Jet-set architecture? In Springfield?
Much in the way that human corpses become food for the worms, dead eras become food for TV producers. Few of us who lived through the 1950s and early ’60s actually lived jet-age lives but it was fun watching others do it in commercials and movies, and now the young can do the same thanks to costume dramas like AMC’s “Mad Men” or, to cite a much inferior version, ABC’s “Pan Am.”
Their infatuation with the world of our fictional Don Drapers is understandable. Jet-age style owed to affluence, youth, optimism and of course new travel technologies. Its exuberance was informed by a cosmopolitanism appropriate in the first globe-trotting generation. The style was most vividly expressed, I think, in interior design, specifically the sleek woods and metals and glass, epitomized in “Scandinavian modern” furniture and rugs. Rooms done up in this way were scene sets for a lifestyle whose other appurtenances included modern jazz as peddled by Hefner’s Playboy. This was the world that the set designers for “Mad Men” recreated with such curatorial thoroughness. All of it fit well into the International Style buildings of the period, in part because so much in those interiors was designed by architects too.
Springfield, of course, is one of those places that the jet set was happy to fly over rather than to, and you would think that jet-age style would have passed the city by too. Happily, it did not. Springfield boasts roughly half a dozen major buildings in the International Style that are among the best-designed buildings in town.
Business adopted the International Style immediately. When the new home of the Security Federal Savings and Loan opened at 510 E. Monroe in mid-1960, the company boasted of it as “daring and inventive.” And indeed it was daring for Springfield, being all polished granite and plate glass with a lobby fountain and a curving metal staircase that seems to float in the air. To those walking past it on late winter afternoons, with the lobby aglow, Springfield was a different kind of town. More recent remodeling has not done the building too much harm, although the facade misses the wonderful sign that soared above the roof but was removed when the institution changed names.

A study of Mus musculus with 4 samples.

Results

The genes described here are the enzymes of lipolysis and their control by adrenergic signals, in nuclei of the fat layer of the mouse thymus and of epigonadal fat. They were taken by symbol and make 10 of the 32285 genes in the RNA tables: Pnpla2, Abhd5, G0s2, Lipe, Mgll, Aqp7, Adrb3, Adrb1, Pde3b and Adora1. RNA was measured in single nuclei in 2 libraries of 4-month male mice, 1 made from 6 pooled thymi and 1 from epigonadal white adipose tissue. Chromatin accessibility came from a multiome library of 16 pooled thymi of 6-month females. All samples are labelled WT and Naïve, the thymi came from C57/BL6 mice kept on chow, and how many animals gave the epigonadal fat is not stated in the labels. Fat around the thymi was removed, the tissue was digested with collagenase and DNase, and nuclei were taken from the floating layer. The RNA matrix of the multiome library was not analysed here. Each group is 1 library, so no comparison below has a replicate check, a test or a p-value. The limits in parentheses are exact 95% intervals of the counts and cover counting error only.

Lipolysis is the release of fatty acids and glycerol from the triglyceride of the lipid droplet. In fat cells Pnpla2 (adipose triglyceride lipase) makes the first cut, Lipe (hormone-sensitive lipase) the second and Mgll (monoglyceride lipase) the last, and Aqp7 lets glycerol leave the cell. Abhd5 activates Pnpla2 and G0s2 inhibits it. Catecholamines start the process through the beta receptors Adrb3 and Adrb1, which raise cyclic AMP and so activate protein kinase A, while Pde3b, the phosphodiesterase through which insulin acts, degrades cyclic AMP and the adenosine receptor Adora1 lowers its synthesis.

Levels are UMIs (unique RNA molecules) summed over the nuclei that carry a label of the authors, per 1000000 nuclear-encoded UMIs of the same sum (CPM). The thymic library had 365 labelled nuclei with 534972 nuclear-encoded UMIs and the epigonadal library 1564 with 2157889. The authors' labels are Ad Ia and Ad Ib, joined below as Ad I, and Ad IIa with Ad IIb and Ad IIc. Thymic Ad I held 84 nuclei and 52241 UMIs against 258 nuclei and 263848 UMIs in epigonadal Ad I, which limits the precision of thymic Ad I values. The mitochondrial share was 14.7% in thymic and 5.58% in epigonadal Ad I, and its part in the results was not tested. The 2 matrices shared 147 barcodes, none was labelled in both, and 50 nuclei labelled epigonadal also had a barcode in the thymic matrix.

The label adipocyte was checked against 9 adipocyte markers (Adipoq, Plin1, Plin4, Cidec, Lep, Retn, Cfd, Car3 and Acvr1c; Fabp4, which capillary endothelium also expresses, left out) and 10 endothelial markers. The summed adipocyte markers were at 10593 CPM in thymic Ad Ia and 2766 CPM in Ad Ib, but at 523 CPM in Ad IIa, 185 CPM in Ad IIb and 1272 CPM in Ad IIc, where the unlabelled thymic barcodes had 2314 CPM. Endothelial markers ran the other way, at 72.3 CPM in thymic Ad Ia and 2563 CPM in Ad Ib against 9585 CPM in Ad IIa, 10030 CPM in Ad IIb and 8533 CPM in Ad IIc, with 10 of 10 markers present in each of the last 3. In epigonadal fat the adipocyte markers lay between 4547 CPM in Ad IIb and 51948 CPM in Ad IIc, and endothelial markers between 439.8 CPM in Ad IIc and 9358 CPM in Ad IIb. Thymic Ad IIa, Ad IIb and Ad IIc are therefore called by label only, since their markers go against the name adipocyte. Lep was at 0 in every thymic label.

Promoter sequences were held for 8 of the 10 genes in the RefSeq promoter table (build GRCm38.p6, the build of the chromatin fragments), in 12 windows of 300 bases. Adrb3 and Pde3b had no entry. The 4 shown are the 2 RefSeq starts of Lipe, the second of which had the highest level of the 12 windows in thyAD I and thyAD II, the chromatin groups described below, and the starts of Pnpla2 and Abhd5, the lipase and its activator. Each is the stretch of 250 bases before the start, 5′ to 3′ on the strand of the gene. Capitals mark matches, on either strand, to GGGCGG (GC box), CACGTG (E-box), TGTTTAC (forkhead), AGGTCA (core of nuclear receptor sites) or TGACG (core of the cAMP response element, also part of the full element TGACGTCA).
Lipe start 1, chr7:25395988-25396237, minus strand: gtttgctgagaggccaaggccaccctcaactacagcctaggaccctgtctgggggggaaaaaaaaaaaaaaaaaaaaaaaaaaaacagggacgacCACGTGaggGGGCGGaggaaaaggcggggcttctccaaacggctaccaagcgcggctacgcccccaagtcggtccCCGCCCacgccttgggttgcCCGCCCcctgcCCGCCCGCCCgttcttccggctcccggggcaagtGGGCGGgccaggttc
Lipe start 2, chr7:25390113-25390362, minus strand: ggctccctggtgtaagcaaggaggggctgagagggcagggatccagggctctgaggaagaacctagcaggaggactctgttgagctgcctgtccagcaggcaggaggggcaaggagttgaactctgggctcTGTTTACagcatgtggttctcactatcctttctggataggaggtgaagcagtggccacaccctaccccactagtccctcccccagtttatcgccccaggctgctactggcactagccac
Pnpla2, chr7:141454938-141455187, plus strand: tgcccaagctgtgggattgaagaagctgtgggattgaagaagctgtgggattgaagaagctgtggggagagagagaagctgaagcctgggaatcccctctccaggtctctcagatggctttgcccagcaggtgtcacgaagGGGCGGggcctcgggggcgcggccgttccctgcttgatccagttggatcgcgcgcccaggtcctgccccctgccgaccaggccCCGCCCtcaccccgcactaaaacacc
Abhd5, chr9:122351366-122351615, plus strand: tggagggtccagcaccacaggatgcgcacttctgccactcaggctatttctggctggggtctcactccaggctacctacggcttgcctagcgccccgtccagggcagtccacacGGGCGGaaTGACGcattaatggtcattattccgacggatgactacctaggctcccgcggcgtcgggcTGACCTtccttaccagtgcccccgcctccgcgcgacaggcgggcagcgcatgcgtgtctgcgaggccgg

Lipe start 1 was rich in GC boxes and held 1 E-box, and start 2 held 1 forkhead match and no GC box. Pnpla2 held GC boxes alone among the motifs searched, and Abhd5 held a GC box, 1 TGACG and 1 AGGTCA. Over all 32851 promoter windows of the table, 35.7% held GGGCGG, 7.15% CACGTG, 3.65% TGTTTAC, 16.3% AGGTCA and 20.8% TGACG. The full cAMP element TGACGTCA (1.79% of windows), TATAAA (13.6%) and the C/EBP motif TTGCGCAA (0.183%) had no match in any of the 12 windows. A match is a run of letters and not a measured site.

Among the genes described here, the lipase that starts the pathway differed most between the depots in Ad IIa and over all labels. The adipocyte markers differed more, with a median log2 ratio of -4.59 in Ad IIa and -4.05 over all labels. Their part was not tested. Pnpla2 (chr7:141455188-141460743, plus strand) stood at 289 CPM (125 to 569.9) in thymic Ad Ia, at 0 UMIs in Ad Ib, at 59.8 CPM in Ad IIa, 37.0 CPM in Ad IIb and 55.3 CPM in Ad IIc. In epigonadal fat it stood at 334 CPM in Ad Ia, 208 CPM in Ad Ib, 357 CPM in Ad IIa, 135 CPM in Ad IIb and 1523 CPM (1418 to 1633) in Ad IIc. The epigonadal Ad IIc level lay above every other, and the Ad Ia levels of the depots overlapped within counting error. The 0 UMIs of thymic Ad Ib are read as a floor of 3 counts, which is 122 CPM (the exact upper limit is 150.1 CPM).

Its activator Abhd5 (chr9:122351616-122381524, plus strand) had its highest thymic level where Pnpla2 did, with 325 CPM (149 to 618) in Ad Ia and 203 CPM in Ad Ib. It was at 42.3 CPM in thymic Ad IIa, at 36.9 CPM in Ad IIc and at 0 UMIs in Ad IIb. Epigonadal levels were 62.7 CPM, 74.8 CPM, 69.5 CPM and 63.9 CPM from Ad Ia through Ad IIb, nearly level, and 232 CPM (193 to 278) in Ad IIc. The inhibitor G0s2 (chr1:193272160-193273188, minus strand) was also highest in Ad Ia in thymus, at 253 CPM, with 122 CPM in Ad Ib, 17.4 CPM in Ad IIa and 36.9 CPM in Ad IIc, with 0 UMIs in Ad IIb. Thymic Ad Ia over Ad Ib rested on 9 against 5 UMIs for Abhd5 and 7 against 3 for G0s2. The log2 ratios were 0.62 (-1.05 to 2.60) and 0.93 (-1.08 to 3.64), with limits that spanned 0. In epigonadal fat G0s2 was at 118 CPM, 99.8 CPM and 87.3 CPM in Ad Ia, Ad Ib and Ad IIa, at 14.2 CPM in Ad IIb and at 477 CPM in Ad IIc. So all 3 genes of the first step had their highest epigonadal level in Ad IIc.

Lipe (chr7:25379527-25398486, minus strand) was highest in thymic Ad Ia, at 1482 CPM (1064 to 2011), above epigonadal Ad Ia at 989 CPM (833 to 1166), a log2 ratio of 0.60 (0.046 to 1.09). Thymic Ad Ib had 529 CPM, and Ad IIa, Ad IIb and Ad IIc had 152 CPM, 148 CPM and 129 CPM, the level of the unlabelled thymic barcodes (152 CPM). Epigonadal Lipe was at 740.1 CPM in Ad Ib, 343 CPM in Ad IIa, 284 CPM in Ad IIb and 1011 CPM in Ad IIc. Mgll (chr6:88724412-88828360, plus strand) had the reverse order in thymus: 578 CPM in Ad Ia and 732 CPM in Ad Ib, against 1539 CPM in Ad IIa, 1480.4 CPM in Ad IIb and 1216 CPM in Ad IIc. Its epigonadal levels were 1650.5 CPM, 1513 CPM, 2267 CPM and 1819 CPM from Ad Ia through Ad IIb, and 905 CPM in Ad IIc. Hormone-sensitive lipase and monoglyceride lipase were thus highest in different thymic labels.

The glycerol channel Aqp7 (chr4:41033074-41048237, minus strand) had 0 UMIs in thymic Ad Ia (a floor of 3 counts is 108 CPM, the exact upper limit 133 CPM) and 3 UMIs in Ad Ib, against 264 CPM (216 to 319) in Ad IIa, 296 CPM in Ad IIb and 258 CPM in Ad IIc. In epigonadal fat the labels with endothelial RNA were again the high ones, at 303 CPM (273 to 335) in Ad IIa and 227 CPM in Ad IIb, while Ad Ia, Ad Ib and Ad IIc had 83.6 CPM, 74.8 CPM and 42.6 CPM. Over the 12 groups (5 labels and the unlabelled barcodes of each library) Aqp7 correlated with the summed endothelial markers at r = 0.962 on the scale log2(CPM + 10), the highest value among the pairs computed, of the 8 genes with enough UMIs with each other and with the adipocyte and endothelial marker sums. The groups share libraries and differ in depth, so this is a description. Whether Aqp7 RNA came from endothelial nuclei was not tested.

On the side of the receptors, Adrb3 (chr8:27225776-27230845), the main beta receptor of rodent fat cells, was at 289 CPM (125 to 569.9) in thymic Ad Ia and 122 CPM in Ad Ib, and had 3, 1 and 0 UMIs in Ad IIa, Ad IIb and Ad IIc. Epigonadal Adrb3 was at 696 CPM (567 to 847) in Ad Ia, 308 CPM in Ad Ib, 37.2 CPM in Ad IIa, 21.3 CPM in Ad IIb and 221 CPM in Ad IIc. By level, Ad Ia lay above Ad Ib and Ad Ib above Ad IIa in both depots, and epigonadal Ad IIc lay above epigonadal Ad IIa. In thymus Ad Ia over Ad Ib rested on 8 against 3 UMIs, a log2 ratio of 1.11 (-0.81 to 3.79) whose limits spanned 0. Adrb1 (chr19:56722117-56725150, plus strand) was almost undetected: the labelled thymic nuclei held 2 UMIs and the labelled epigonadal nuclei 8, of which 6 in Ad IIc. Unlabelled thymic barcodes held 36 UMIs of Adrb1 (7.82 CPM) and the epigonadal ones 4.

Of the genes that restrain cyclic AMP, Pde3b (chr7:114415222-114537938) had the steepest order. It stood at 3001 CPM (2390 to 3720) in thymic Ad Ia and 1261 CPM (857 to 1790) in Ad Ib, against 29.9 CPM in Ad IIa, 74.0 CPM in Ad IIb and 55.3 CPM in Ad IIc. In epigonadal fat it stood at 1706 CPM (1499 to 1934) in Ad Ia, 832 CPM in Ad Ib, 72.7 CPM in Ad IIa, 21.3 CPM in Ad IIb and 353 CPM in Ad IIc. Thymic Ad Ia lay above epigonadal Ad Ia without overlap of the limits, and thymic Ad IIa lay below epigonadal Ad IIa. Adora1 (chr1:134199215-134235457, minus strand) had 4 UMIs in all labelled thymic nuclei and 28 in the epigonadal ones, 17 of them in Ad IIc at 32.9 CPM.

Not to be outdone, American Savings and Loan in 1964 opened a new building up the street at 411 E. Monroe. It ws designed by the Springfield architects Hadley & Worthington, purveyors of modernism for every purpose. It bears a family resemblance to the Security Federal building, from the plate glass front and the slim steel stairway to the conference room outfitted with Boling chairs, now honored as classics of Danish modern style. Walking into a downtown bank in those days was like crawling into a cave; walking into either of these buildings was like walking into a sunlit glade.
Not many houses in the International Style were ever done in Springfield, but the style was well suited to residences of other types. The Chicago firm of Shaw, Metz and Dolio, which specialized in this sort of thing, designed the 13-story Town House apartments on Seventh Street. The mid-rise tower, which opened in 1959, was developed by the nearby Franklin Life Insurance Co. for its own executives. The Town House is dressed conservatively in limestone, like its corporate parent a block away, but it was still “ultra-modern,” as the company called it. Franklin boasted that the building” set “a new style trend in construction in Springfield,” but of course it didn’t. The Town House pretty much sopped up the whole local market for that sort of dwelling, which probably never amounted to many more than a hundred people then or now. But the Town House remains an elegant building, and partly for that reason was approved for listing on the National Register of Historic Places in 2005.
The State House Inn at First and Adams opened about the same time as the Town House, and was showing its age when it was reincarnated in 2003 as a boutique hotel. (What was old by then seemed new to the young, it being unknown to them.) Designed by Henry L. Newhouse II, the building is listed by the Springfield Historic Sites Commission because it was the city’s first true motor lodge, but it deserves protection because of the quality of its design. In its present incarnation it is the most stylish hotel in Springfield – it’s easy to imagine Don Draper strolling through that lobby – and I hope that the owner, the Choice Hotels chain, reinvests in its interior so that check-in timep stays 1960 for a long time.
Contact James Krohe Jr. at CaptBogue@outlook.com.